In Defense of Writing
I'm not an expert at fixing brakes or extracting wisdom teeth. I don't know how to till the fields, code a website or land a plane You probably wouldn't want me to defend you in a court of law. (However, if you needed a kick-ass letter of support, then I'm your girl.)
I do however know how to write. Writing is my profession. I am a professional writer.
And, like the aforementioned occupations, my career is one that's required quite a bit of training, both formally and on-the-job, to get me to my present level. So what exactly is it, about my chosen livelihood, that not only makes folks think that they can do my job, but that they can do it better than me?
Part of the problem is that technically, everyone can write. There's no great mystery in taking pen to paper or fingers to keyboard. There's no licensing process, no test to take, no governing board to fine you if you aren't doing your job properly. And often with this, comes a complete lack of respect for what we, as writers do.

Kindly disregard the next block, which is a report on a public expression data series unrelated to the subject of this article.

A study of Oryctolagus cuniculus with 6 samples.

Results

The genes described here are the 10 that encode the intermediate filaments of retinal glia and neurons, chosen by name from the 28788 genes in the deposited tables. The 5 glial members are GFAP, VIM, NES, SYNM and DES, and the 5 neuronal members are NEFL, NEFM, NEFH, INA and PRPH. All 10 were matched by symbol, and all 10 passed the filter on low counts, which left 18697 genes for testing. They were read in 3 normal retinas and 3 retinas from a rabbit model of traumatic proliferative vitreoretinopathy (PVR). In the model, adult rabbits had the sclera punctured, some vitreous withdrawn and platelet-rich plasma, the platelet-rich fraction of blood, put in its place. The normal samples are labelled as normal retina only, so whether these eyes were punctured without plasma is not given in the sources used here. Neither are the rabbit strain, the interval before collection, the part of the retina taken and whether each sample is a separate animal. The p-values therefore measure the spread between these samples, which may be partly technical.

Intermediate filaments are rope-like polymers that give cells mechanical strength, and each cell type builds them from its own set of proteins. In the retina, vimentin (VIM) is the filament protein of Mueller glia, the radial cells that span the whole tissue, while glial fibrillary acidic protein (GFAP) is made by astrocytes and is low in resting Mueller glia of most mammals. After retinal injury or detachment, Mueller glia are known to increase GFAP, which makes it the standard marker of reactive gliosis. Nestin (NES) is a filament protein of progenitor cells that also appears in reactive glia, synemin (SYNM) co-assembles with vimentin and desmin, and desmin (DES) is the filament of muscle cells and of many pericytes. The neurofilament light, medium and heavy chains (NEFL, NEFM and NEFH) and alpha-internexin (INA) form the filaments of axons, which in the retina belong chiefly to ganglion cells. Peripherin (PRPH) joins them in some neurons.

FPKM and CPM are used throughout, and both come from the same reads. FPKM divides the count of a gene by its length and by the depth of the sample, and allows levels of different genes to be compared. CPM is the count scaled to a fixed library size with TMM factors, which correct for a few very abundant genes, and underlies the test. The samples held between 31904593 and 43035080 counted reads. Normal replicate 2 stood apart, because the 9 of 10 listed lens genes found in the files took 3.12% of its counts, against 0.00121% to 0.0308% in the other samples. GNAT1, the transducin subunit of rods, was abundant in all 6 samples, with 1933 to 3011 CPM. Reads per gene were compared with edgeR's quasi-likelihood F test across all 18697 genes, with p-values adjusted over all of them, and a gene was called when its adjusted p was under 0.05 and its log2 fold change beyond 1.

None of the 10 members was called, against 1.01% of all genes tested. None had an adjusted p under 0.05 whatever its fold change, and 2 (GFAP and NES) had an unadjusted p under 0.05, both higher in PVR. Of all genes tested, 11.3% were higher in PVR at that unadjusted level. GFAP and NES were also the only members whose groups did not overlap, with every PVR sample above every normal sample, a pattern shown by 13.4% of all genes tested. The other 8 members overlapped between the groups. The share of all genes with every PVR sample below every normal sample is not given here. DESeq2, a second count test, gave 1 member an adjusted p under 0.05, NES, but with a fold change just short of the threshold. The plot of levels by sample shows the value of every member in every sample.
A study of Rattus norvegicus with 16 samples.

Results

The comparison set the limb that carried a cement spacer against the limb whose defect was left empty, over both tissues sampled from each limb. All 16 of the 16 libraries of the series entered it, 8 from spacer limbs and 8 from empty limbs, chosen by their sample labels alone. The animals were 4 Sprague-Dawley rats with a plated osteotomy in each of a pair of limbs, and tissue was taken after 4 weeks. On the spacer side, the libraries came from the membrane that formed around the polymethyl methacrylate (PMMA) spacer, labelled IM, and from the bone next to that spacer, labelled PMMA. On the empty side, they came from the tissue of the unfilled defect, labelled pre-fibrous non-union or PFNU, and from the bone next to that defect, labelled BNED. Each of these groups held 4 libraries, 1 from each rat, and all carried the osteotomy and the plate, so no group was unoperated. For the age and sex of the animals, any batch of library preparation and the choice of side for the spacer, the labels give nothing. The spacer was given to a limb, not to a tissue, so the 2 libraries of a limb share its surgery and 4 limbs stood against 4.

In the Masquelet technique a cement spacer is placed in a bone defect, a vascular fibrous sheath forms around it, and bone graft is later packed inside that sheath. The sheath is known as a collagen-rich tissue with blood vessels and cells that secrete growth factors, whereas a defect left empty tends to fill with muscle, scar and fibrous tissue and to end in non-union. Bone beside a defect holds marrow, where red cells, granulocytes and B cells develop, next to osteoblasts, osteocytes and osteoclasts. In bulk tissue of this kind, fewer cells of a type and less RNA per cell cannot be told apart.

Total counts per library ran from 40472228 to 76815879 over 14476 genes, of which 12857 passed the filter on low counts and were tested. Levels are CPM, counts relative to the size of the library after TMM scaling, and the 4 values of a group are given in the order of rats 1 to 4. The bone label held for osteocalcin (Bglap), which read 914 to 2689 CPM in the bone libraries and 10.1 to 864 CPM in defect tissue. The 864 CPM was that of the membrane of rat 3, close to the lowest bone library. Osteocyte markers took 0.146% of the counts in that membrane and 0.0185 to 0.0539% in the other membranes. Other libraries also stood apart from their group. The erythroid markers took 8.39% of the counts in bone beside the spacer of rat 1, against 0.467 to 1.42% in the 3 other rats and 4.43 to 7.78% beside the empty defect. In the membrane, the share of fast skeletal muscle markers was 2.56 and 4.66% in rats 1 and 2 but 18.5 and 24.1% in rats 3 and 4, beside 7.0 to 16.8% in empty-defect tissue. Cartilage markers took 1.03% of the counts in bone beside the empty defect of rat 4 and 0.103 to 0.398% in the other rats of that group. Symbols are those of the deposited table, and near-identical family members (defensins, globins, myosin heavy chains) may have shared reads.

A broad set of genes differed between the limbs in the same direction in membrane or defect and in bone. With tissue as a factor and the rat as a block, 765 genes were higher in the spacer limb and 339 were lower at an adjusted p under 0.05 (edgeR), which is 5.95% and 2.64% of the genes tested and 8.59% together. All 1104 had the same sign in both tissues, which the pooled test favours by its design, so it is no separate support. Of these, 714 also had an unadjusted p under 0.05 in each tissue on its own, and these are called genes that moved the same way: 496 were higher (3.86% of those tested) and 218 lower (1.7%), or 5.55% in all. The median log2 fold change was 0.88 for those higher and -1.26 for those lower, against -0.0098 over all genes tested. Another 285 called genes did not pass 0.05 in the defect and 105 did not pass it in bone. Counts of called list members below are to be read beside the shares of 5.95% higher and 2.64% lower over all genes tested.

Oh, not from other writers. Writers love writers. They appreciate the effort it takes to compose a thought. To get out a message. To obsess, over for just the exact word, phrase or sentence needed to bring the whole piece together.
Writers know that writing takes discipline. And concentration. Writing takes intelligence. And commitment. Writing takes research. And patience. Writing takes the ability to be analytical. And to be critical. Writing takes self-editing. And the courage to toss it all in the trash and start again. Writing takes the ability to steel yourself from your critics, especially the ones without any credentials.
The act of stringing words together, does not a writer make. Good writing needs to have meaning. A writer, above all, is an expert communicator, responsible for relaying information, breaking down complex topics into easy to understand tidbits or creating a mood, all while motivating you to keep on reading. The only tools at our disposal? Words.
Good writing should look easy.
A good writer will tell you that it never is.